The Gender Team is part of the Poverty and Gender Group (LCSPP) in the Latin America and Caribbean Region's (LCR) Poverty Reduction and Economic Management Unit (PREM) of the World Bank.
The mission of the LCR Gender Team is to contribute to the quality and effectiveness of development interventions and outcomes by including a gender perspective into the World Bank's work in Latin America and the Caribbean.
Following the World Development Report (WDR) 2012, gender equality is important for two main reasons:
“First, gender equality matters intrinsically, because the ability to live the life of one’s own choosing and be spared from absolute deprivation is a basic human right and should be equal for everyone, independent of whether one is male or female. Second, gender equality matters instrumentally, because greater gender equality contributes to economic efficiency and the achievement of other key development outcomes.”Taking into account gender roles is essential to the design and delivery of better programs and services. To this end, development projects must consider whether demands, preferences, and access to services for men and women are different, and if so, ensure that development projects adequately address these different needs accordingly.
The Regional Gender Action Plan for Latin America and the Caribbean (RGAP) outlines a strategy for the LCR region to work more effectively with clients to address gender challenges in the region during FY2012-2014. The plan builds on the World Bank’s World Development Report (WDR) 2012: Gender Equality and Development, the 2012 LCR Regional gender study, “Work and Family: Latin American Women in Search of a New Balance”, and the Central American Regional Study, “A Gender (R)evolution in the Making? Gender, Income Generation and Poverty Reduction in Central America: A Decade Review”.
These studies shed new insights into understanding gender equity in LCR as an outcome of the complex interaction of formal and informal institutions and markets, mediated through the household. The reports stresses that addressing persistent gender inequities requires more than conducive policies, but also demands a greater understanding of the household bargaining process and the role of preferences and social norms.
The multi-dimensional domains of gender equity are also highlighted, cutting across endowments, economic opportunities, and individual agency. The implementation of the RGAP will be tailored to different contexts, reflective of country-specific characteristics of norms and preferences, markets, institutions, and policies.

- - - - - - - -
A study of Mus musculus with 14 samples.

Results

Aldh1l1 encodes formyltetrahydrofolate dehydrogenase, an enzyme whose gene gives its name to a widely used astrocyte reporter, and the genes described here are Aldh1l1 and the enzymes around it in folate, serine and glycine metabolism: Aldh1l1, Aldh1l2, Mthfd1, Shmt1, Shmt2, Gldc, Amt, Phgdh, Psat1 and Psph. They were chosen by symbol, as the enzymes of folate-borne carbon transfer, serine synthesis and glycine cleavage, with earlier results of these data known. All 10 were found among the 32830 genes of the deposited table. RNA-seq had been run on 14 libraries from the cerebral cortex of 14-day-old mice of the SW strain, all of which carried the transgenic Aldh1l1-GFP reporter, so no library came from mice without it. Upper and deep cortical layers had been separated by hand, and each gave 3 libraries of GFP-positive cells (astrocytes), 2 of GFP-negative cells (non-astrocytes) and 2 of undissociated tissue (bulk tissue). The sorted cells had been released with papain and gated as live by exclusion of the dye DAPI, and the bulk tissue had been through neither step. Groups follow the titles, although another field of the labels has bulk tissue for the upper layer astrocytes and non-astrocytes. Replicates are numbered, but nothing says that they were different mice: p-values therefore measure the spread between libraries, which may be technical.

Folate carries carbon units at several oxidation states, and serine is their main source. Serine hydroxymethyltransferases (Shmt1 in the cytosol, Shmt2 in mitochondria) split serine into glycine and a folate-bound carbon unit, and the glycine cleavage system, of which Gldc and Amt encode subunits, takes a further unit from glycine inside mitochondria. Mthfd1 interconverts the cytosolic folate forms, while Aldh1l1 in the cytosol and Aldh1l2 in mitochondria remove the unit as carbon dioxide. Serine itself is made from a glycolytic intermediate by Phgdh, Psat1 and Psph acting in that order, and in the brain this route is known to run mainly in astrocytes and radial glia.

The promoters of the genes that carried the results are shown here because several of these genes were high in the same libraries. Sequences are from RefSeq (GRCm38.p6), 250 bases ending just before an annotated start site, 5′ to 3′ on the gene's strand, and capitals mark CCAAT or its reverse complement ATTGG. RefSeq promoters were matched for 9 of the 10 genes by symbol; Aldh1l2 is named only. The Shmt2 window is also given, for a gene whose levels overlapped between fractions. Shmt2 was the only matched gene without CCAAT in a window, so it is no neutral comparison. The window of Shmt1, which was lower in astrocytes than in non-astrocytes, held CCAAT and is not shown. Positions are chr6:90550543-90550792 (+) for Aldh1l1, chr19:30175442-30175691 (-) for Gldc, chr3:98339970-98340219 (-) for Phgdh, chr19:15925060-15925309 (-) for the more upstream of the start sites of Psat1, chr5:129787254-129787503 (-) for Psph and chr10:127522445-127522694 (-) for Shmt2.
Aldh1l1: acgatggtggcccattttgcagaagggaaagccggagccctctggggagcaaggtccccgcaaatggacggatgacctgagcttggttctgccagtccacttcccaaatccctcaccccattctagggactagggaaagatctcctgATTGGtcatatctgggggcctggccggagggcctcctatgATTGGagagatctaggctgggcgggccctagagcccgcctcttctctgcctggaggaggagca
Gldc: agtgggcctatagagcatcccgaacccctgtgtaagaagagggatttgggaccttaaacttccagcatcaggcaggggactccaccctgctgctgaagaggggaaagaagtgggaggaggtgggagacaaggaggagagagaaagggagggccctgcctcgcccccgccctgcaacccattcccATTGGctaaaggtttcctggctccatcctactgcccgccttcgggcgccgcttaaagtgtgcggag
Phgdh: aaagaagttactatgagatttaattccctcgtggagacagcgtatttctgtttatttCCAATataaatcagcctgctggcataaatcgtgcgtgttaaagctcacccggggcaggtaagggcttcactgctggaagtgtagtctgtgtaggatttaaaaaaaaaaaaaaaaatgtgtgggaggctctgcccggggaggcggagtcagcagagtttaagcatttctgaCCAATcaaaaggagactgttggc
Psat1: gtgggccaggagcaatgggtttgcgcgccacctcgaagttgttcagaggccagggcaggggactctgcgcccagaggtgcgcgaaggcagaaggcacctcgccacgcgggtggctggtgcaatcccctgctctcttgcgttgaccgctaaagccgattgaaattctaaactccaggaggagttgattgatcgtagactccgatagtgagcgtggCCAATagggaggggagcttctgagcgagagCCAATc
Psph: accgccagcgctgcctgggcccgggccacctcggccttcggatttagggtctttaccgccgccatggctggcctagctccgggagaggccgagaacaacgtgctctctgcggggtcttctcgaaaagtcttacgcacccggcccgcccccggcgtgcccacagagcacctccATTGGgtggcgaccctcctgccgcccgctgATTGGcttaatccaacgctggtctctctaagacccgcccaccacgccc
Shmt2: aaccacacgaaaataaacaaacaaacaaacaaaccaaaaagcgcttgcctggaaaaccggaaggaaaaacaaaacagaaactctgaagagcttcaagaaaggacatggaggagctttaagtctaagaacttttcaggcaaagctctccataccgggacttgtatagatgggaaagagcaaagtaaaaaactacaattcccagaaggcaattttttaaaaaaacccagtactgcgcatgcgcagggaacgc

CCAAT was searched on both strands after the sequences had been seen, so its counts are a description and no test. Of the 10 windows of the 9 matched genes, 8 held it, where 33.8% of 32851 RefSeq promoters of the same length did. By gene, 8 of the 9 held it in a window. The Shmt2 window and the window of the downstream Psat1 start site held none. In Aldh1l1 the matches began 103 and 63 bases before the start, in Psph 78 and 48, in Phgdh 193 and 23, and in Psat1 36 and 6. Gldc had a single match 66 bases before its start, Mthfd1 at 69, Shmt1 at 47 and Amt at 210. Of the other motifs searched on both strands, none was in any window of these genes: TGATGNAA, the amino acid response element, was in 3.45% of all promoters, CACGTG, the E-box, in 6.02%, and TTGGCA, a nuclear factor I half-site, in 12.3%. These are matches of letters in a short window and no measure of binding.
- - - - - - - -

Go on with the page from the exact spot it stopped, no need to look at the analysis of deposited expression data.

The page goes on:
The general objective of the LCR RGAP is to enhance client and Bank knowledge and capacity to understand and address gender issues that are constraining development and gender equity in the region.To achieve this objective, the Plan is anchored in three pillars:
- Mainstreaming gender into Country Assistance Strategies (CASs) and relevant financial and knowledge programs with a particular focus on those sectors with corporate commitments.
- Address persistent and priority areas of inequality as identified through a review of existing analytical work and consultations. The RGAP seeks to promote catalytic change in priority areas where gender inequities are pervasive and persistent. The priority areas are organized in alignment with the WDR 2012 framework:
- Endowments: Improving boys academic enrollment and achievement
- Economic Opportunity: Facilitating labor market entry for vulnerable groups and supporting female entrepreneurs to expand and grow their businesses
- Agency: GBV and teenage pregnancy
- Gathering and sharing evidence to build and disseminate evidence on what works for gender interventions and mainstreaming. Activities include:
- LCR Impact Evaluation Initiative of what works for gender interventions and mainstreaming;
- GAP Lessons Learned Booklet synthesizing policy lessons learned from projects funded by the original Gender Action Plan;
- Improved access to and dissemination of gender-disaggregated data; and
- Dissemination events, both high-profile (especially for WDR 2012 and the regional study), and also brown bag lunches on internal and external best practices.
To promote gender equality in the region, the Bank provides analysis, technical assistance, and project financing to boost opportunities and equal rights for men and women.